In my article about David Gunn’s opinion of what’s wrong with the TTC, I mentioned the 1991 Budget introduced as the TTC was having its record year of ridership in 1990, but was on the brink of a recession and unprecedented cutbacks.
The major objective of the proposed TTC operating budget for 1991 is to provide a better product and thereby to attract more riders to the TTC. This will not be an easy task at a time when other demands on the taxpayers’ dollars are escalating, and with the economy headed into a recession. The proposed budget is best summarized in one word: balance — a balance among the needs of TTC riders and the taxpayers of Metro Toronto and the Province of Ontario.
[From Proposed 1991 Operating Budget, November 14, 1990]
This budget was introduced by TTC Chair Lois Griffin, a Councillor from the then Rexdale-Thistletown ward of Etobicoke which took in the northwest corner of the city down to Highway 401. The south half of this ward is Mayor Ford’s home turf. Al Leach, who would later preside over the amalgamation of Toronto as part of the Harris government, was Chief General Manager. Neither of them could be called radicals.
David Miller was not yet a member of Council having lost on his first try to the incumbent in 1991. He was successful on a second try in 1994. Adam Giambrone was 13 years old and had not yet become active in the NDP.
In the face of economic difficulties, a conservative Commission was advocating service improvements as the best way to gain and hold ridership, and none of the ills that might have afflicted transit could be blamed on a previous administration’s misguided policies.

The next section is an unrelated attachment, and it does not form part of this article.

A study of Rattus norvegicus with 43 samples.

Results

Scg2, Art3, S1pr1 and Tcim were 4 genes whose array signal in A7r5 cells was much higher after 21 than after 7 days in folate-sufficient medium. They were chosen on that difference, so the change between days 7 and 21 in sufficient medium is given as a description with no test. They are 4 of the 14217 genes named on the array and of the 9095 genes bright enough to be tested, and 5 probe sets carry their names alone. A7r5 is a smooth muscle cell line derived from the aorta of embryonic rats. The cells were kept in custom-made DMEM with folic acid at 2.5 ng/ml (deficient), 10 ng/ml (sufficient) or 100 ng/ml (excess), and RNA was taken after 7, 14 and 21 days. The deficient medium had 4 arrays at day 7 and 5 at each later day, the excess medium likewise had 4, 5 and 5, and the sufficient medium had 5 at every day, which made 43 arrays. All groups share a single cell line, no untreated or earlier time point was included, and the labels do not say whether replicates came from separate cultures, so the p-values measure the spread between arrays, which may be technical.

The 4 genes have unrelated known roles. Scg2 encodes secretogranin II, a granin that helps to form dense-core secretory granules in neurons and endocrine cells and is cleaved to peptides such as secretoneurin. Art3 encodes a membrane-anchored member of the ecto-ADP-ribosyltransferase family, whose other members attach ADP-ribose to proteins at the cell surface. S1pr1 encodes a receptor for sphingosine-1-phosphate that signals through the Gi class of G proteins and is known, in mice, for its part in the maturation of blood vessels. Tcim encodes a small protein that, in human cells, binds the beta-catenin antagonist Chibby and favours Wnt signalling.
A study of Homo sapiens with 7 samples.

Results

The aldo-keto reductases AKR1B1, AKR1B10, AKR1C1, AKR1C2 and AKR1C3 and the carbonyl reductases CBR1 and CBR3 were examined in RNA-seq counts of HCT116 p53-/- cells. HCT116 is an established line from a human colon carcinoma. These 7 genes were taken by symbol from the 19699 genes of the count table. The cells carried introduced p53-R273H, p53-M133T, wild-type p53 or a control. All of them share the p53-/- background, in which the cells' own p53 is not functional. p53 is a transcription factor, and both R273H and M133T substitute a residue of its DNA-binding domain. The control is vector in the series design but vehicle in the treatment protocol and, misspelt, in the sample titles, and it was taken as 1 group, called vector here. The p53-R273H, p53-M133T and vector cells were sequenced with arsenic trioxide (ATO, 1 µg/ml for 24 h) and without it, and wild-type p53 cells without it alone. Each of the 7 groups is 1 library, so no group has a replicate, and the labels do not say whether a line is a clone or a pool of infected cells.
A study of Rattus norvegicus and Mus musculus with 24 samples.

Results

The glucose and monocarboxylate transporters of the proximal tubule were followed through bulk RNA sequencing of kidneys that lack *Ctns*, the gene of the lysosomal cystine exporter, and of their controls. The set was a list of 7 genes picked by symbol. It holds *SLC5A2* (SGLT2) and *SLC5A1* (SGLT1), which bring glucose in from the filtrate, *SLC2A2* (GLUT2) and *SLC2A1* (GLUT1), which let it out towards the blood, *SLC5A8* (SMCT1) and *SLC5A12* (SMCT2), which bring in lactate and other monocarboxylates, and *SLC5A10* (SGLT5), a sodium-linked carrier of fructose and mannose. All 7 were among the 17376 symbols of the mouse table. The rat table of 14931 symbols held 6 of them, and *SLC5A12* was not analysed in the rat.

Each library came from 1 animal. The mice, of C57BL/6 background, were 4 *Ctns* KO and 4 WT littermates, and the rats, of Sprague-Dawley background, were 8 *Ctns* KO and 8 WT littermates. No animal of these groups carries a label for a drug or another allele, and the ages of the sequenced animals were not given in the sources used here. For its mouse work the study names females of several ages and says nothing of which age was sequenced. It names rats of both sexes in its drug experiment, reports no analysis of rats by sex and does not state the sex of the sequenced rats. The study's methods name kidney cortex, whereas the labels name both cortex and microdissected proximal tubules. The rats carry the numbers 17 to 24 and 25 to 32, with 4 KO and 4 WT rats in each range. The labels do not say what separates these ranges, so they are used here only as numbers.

By March 26, 1991, staff recommended that the budget be trimmed to compensate for falling ridership and for flatlining of the Metro Toronto subsidy contribution. This flatline was relative to the budget submission, but the drop in riding was hitting revenue and would have triggered a greater subsidy need without offsetting changes. This led to proposals for service and staffing cuts, although some additions stayed in the budget for safety and reliability reasons.
In reading the 1991 proposal, it’s notable that even before the heart of the recession, there were concerns that some TTC practices needed improvement. In the years to follow, we would see just how badly the cumulative effect of putting off repairs would hit the TTC.
By July 1991, the projected budget, including cuts requested by Council, was back at the TTC. Total expenses had dropped from the original $686.1-million proposed in November 1990 to $675.1m.
A few excerpts from my deputation at the time:
Transit riders expect a lot more from the TTC than their counterparts in New York, Philadelphia or Chicago, and we must work to meet Toronto’s expectations. Simply being better than everyone else is not good enough.
No matter how good the subway service, if someone cannot get to and from the subway reliably, they will not use it. If someone’s trip is not served by the subway, they will not attempt it by an unreliable or overcrowded surface route. … The fine-grained surface network will never be duplicated by the subway network.
The common complaints about crowding suggest that the average rider does not see the “average” loading conditions which may meet the service standards. The empty space in buses at the back of a platoon is of little use to the riders crammed into the first vehicle. … providing better service with your existing fleet improves your productivity, makes your service more attractive and defers the need for additional vehicles.
I have often spoken of the need for the Commission to be advocates for the transit system. … Cities become “world class” because people living there care about all the parts that make up the whole. Your job is to care about the transit system and to tell all of us how we can get it back not merely to “the better way”, but “the best way”.
[Letter to the TTC, November 20, 1990]
The TTC’s decline in the early 90s was so severe that the proposed budget for 1996 was $673.5-million, almost the same as the approved budget in 1991, and ridership was projected at 376-million. When David Gunn talks of Toronto achieving only a 15% increase in riding, he forgets those dark days and the system he inherited when he joined the TTC in 1995.